In The Politics of Autism, I discuss the employment of people on the autism spectrum.
Eleanor J. Bader at Truthout:
The subminimum for disabled workers has its roots in another discriminatory policy and rests on the idea that disabled workers — especially those with intellectual limitations — are less competent and need to be isolated from others. Depression-era Labor Secretary Frances Perkins was a proponent of this idea, and urged Congress to allow a lowered wage for shell-shocked World War I veterans who were having trouble reintegrating into the labor force. Those who “by reason of illness or age or something else are not up to normal production” would benefit, she testified. Her position gained traction and when the Fair Labor Standards Act became law in 1938, it included Section 14(c) to enable employers to pay those deemed disabled an unspecified, but lower, salary.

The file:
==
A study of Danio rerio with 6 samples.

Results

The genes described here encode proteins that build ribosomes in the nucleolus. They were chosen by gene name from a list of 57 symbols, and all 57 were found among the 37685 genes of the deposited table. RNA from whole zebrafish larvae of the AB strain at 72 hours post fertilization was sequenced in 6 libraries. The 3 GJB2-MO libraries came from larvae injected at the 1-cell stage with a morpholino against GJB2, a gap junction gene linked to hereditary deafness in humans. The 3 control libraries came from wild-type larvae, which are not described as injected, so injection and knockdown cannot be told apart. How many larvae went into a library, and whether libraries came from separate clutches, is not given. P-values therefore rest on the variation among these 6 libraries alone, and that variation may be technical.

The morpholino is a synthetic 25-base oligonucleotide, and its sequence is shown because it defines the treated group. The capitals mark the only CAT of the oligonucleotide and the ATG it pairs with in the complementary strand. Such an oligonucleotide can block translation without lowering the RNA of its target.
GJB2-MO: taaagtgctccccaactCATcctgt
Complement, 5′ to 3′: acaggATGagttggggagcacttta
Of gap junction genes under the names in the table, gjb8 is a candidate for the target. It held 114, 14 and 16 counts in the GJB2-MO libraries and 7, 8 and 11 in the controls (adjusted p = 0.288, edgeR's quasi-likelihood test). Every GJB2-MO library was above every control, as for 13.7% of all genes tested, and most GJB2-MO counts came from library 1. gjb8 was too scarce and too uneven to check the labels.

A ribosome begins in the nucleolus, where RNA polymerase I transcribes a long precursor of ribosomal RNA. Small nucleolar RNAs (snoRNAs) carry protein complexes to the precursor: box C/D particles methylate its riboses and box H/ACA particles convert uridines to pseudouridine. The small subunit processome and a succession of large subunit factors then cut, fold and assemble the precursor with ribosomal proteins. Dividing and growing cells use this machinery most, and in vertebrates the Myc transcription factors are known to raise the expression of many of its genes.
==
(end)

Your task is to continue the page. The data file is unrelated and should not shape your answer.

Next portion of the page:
Fast forward 84 years and the average hourly wage for sheltered workshop participants is currently $3.34. As of July 2020, the most recent data available, the Department of Labor counted 67,288 individuals earning a subminimum wage thanks to 14(c).
Not surprisingly, disability rights groups are working to raise the wage and completely eliminate workshops. Their efforts include legislative advocacy at the state and federal levels, among other strategies.
One key element of their work involves support for The Transformation to Competitive Integrated Employment Act, which was introduced by Senators Bob Casey (D-Pennsylvania) and Steve Daines (R-Montana) earlier this year. The act will phase out the subminimum wage for disabled workers in sheltered workshops over a five-year period. A House version, HR 2733, was introduced by Rep. Bobby Scott (D-Virginia).